Professor Carolin Frank’s research into the nitrogen-fixing properties of bacteria inside the needles of some high-elevation pine trees is the topic of a new paper in the journal New Phytologist.
Frank, with the School of Natural Sciences, won a $1.6 million, four-year grant from the National Science Foundation (NSF) in 2014 for her work on foliar endophytes.
“Evidence for Foliar Endophytic Nitrogen Fixation in a Widely Distributed Subalpine Conifer” is the first publication to come from that research.
Some old-growth coniferous forests have more nitrogen in their soils and vegetation than can be explained by known sources, Frank and her colleagues explain in the paper. That limits researchers’ ability to understand and predict carbon and nitrogen cycling across about 15 percent of the Earth's surface.
In the past few years, Frank discovered a novel symbiosis between pines and the bacteria inside their needles. She and her collaborators, including UC Merced postdoctoral researcher Andrew Moyes and project scientist Lara Kueppers, demonstrated that the enzyme responsible for fixation of atmospheric nitrogen, called nitrogenase, is active inside the needles.
That was a surprise because only bacteria associated with a few forest plants, such as legumes and alders, and free-living bacteria in soil were known to do this.
However, Frank and her colleagues still need to figure out which species of bacteria fix the nitrogen, and if they transfer it to the plants.
The researchers are using DNA probes in hopes of finding a match and being able to identify the microbes.
Frank’s discovery and the subsequent research could help solve an ecological mystery: Where does all the nitrogen in forests come from? The endophytes could be one source.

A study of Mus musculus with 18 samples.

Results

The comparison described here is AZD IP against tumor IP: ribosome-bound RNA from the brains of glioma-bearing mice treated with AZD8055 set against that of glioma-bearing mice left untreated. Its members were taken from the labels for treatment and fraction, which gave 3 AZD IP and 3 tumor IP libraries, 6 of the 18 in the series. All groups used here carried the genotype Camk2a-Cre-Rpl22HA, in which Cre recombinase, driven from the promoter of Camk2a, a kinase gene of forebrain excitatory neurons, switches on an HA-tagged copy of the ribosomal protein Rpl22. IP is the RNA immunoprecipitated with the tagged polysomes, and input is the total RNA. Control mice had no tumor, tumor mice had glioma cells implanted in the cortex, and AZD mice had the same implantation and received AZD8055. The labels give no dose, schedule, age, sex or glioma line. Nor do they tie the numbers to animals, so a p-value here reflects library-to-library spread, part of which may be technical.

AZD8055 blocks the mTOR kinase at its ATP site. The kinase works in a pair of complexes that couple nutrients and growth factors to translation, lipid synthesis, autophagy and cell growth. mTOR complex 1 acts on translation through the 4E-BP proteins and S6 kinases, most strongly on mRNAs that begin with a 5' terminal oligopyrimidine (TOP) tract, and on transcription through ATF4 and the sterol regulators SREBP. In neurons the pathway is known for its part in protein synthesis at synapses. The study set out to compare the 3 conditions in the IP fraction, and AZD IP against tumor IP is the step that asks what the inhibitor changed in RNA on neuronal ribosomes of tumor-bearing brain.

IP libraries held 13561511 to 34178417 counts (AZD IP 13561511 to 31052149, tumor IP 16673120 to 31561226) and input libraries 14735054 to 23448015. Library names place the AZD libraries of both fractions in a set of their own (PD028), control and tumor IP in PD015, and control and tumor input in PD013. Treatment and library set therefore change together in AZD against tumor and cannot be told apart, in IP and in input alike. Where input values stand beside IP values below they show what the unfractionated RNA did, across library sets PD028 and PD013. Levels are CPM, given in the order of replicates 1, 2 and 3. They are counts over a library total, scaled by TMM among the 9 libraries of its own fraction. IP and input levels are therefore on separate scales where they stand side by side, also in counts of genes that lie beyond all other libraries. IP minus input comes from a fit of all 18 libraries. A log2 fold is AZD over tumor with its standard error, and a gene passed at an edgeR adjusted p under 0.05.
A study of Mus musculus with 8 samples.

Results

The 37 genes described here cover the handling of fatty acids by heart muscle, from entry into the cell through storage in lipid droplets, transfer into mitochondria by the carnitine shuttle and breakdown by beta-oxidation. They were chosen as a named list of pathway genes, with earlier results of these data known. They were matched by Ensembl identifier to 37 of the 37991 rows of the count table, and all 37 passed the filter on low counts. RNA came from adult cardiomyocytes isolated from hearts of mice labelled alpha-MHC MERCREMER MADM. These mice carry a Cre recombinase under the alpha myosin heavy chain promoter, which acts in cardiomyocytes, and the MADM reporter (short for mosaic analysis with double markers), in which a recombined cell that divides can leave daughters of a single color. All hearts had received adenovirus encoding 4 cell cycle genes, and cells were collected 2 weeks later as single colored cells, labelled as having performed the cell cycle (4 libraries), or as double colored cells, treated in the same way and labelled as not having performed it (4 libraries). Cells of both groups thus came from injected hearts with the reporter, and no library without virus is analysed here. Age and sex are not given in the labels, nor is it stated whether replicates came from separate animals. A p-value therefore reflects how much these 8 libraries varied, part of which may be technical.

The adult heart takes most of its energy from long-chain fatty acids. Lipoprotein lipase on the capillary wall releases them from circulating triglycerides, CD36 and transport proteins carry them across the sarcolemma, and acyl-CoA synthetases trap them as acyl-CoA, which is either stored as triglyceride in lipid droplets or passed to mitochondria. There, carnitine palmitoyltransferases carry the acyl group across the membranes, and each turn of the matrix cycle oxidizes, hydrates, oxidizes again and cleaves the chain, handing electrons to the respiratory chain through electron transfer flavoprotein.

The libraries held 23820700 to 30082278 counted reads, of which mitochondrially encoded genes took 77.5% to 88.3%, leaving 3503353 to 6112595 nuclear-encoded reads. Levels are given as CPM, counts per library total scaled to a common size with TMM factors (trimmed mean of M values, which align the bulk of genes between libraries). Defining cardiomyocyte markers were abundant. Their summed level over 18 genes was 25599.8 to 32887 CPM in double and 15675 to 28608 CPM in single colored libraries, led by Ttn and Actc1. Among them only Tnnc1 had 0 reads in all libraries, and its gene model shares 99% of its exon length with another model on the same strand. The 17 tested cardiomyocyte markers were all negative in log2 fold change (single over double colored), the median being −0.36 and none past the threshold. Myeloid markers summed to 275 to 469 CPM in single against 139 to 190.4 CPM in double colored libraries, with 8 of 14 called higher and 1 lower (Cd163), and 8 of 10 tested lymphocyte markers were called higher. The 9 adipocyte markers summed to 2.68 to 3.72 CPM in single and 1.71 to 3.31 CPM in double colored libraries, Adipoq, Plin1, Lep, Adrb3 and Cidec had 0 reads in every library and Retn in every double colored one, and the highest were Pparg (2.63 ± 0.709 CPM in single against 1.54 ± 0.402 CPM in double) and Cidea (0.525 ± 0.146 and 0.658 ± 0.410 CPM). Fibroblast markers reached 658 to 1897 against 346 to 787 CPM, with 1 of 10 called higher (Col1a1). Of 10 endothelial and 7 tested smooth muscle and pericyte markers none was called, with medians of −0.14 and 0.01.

A better understanding of the microbes that fix nitrogen inside non-legume plants could help reduce fertilizer use and improve forecasts about climate change.
Frank studies limber pines. The trees are slow growing, but can live 1,000 years or more. They are commonly found from Alberta, Canada, to New Mexico, including eastern California, between 2,800 and 12,500 feet in elevation.
She has new undergraduate and graduate students in her lab who are excited to get out into the field and start sampling.
“We’re going to work in Yosemite to see if the microbe community changes with the seasons,” Frank said.
She’s working with Kueppers and Jennifer Pett-Ridge, researchers with the Sierra Nevada Research Institute and the Lawrence Livermore National Laboratory, respectively. They plan to learn what’s going on with the bacteria at the sub-cellular level through stable-isotope microscopy.
“We don’t know what these bacteria need — we can’t see them and we can’t grow them in the lab,” Frank said. “The bacteria that we can grow, we know a lot about. But there is a huge diversity of bacteria and the functions they perform, and we don’t know a lot about that. We don’t even know how they get into the pine needles. There are many mysteries in microbiology.”